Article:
Reevaluating the issues of public schooling

Federal and Wisconsin governments push for education reconstruction that will set students back


Wisconsin superintendent Tony Evers fights others’ aims for public school takeover

Wisconsin superintendent Tony Evers fights others’ aims for public school takeover

Photo by submitted

Wisconsin superintendent Tony Evers fights others’ aims for public school takeover

Photo by submitted

Photo by submitted

Wisconsin superintendent Tony Evers fights others’ aims for public school takeover


Specifically, public education offers every individual the opportunity for personal growth that they need to be able to improve the future of our nation. This privilege is a core ideal of our democracy, but, nowadays, the specifics of its implementation are not so easily agreed upon.

The superintendent of Wisconsin schools, Tony Evers, is fighting against a proposal by challenger John Humphries that would reorganize the lowest-performing public schools, many of which students of low-income attend. These institutions would be discontinued and converted into charter or private voucher schools.

Humphries, former Dodgeville school administrator and candidate for the superintendent position, would break up pre-existing schools and, with it, pre-existing student-faculty relationships.

These schools’ largely impoverished student bodies would be redistributed to entirely new settings and people. What many of these kids need, however, is continued support from and strong relationships with people that care.

According to a study conducted by the National Center for Education Statistics, low-income students fail to graduate at five times the rate of middle-income families and six times that of high-income kids.

Low-income families often work non-standard hours for jobs that lack adequate benefits as they struggle to make ends meet. This sacrifice leaves parents with little time to read to their children, help with homework, and attend to other needs their kids have. These children need help at home, not a change of academic scenery.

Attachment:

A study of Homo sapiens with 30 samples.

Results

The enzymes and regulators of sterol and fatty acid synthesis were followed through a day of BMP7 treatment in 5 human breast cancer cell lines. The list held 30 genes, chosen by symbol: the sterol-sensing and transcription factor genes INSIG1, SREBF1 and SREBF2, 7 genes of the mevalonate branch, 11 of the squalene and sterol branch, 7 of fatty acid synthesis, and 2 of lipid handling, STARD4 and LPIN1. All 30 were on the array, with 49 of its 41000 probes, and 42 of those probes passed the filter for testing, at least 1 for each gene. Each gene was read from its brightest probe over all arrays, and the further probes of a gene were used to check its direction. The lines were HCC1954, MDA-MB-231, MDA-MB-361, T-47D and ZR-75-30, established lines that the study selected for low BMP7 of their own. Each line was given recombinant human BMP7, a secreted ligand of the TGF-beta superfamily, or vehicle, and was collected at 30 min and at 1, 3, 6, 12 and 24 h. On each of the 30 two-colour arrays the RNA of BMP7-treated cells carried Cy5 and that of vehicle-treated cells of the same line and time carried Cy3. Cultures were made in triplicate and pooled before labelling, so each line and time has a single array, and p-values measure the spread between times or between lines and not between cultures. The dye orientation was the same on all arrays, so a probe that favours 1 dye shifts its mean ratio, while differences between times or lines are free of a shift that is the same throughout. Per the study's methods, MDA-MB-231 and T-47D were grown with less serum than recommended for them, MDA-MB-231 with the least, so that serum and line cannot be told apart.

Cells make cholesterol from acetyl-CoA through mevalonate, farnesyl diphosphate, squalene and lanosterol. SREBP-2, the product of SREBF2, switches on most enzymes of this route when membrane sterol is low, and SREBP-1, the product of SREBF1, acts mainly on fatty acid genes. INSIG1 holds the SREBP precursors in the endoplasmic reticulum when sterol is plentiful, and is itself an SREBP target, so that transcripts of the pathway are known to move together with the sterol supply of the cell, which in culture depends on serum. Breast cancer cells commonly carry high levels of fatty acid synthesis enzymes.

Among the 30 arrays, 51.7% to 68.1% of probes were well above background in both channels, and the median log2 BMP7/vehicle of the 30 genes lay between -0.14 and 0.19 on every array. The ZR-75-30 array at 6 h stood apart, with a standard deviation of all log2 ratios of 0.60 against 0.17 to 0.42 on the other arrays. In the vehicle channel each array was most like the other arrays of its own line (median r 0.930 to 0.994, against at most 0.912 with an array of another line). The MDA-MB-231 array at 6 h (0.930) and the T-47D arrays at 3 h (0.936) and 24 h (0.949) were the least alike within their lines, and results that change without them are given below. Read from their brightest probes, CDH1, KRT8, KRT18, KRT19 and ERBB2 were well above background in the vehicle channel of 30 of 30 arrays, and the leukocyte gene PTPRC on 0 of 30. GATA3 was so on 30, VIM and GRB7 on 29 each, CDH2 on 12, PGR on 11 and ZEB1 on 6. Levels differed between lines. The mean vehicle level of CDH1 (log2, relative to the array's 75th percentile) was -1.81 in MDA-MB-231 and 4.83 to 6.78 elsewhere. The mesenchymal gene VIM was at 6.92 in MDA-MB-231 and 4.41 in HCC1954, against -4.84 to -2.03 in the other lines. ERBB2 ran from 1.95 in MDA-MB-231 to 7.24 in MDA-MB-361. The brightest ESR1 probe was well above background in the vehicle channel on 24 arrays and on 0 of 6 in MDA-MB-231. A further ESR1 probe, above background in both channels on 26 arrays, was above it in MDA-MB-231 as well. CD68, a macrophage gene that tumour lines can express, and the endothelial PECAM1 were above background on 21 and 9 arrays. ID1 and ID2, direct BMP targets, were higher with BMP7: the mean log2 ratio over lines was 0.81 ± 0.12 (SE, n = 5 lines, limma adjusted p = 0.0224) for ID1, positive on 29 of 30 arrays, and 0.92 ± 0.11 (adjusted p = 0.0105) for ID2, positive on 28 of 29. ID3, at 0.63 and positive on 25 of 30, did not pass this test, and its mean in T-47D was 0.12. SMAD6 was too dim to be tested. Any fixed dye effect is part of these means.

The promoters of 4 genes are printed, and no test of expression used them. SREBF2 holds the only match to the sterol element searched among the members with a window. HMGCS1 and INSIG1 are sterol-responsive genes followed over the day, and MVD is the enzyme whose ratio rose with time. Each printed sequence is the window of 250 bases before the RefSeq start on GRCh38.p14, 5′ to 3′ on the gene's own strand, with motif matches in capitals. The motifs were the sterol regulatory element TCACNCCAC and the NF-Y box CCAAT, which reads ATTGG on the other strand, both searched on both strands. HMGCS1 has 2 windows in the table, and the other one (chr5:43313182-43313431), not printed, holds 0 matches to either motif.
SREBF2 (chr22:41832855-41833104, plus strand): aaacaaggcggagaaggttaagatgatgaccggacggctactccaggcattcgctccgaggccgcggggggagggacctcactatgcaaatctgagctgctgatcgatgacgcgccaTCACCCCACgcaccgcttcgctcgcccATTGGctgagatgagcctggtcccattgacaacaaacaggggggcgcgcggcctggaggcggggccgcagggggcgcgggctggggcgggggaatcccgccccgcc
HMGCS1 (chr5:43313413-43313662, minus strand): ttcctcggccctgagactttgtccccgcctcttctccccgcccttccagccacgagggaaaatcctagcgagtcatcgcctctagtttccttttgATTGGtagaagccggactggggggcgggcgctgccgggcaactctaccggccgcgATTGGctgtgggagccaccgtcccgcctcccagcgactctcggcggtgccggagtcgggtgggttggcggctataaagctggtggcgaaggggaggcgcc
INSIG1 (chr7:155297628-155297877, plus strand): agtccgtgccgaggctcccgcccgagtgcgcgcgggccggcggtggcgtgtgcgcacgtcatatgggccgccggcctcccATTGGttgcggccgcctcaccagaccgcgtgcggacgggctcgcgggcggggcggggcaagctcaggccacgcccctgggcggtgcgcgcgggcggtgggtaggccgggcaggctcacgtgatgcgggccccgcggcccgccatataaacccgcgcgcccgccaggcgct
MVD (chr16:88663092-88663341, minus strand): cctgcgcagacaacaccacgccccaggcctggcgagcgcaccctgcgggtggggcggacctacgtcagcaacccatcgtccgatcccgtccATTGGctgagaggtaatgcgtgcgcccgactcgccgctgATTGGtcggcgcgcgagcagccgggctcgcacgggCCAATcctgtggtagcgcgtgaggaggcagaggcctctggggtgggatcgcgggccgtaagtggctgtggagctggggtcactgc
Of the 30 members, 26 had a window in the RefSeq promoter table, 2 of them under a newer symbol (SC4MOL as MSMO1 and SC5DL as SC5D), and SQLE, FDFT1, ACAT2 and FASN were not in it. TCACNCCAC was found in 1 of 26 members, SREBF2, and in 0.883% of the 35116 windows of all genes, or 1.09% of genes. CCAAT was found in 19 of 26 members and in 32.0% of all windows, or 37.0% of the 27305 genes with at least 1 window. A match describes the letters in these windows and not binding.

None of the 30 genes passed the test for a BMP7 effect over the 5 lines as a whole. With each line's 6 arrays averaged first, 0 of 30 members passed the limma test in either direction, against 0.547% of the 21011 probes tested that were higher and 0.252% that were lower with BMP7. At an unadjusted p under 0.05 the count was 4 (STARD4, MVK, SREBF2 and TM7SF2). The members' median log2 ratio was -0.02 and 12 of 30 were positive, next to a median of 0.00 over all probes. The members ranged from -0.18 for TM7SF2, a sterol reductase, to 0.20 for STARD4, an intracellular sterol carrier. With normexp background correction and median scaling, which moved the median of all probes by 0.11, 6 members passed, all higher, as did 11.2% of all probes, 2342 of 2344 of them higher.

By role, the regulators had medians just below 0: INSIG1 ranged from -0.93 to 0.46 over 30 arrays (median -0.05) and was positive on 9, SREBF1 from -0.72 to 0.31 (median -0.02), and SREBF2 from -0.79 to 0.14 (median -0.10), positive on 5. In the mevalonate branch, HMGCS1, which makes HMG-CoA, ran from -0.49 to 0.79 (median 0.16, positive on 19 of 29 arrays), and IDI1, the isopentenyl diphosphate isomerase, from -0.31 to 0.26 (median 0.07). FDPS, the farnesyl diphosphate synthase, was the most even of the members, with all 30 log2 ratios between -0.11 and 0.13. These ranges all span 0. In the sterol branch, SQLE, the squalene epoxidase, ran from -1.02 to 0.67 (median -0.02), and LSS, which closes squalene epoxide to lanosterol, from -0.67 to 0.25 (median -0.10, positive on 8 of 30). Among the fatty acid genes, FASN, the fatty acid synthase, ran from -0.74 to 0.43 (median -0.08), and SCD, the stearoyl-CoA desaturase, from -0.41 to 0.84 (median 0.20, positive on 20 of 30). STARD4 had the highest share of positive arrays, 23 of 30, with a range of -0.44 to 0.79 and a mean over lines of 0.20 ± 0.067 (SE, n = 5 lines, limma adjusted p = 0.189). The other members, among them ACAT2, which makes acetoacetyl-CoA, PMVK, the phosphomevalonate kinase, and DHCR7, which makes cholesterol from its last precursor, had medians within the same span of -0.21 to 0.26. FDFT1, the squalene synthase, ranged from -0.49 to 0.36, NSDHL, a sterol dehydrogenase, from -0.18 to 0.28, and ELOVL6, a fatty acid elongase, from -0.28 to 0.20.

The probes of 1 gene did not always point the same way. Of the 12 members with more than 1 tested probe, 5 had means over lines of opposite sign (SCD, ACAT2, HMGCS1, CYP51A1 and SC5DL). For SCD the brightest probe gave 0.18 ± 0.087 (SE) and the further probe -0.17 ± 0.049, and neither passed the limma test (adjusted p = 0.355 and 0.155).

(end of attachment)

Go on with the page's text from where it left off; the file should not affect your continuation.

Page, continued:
Unfortunately, Humphries is not the only supporter of this dismantling of public schools.

Newly elected Secretary of Education Betsy DeVos is a long-time advocate for private, charter, and voucher schools over public schools. DeVos, who served as a chairwoman of the Michigan Political Party, worked at spreading “school choice” throughout the state.

Her work was a fluke, according to Michigan Education President Steven Cook in an editorial titled “Betsy DeVos could ‘destroy’ public schools with vouchers, Michigan educators worry.”

“In Michigan, we know firsthand how disastrous DeVos’ ideology is, as she has spent decades wielding her family’s money and influence to destroy public education and turn our schools and students over to for-profit corporations,” Cook said.

According to the article “Betsy DeVos and the twilight of public education” authored by Detroit Free Press editor Stephen Henderson, charter and private voucher schools in Detroit–which make up 79 percent of the state’s total–are failing miserably in academic performance. Charter schools like Detroit Community Schools, Woodward Academy and Hope Academy all have test scores that are among the lowest in the state, with the latter falling in the first and lowest percentile.

Instead of financially supporting the schools to provide them with increased helpful resources for students, DeVos’ solution is to get rid of the worst institutions and simply replace them with a different type of low-quality facility.

Kari Selleck, the curriculum director at Owosso Public Schools and who has been in education for over 30 years, questions DeVos’ credibility in this area.

“I have difficulty with someone being appointed to that position who has not served as a teacher or an administrator and has not served in public education at all. That’s very, very worrisome,” Selleck said.

For myself, as a student that graduated from a public high school and experienced the system firsthand, I find that very worrisome as well. My public education was a very positive experience and although not all teachers are A+ material, many faculty go out of their way to reach out to students, but that bond needs time to develop.

Students that are struggling need someone who cares. Humphries and Devos’ plans do not attend to this issue, but would instead create unnecessary change for students.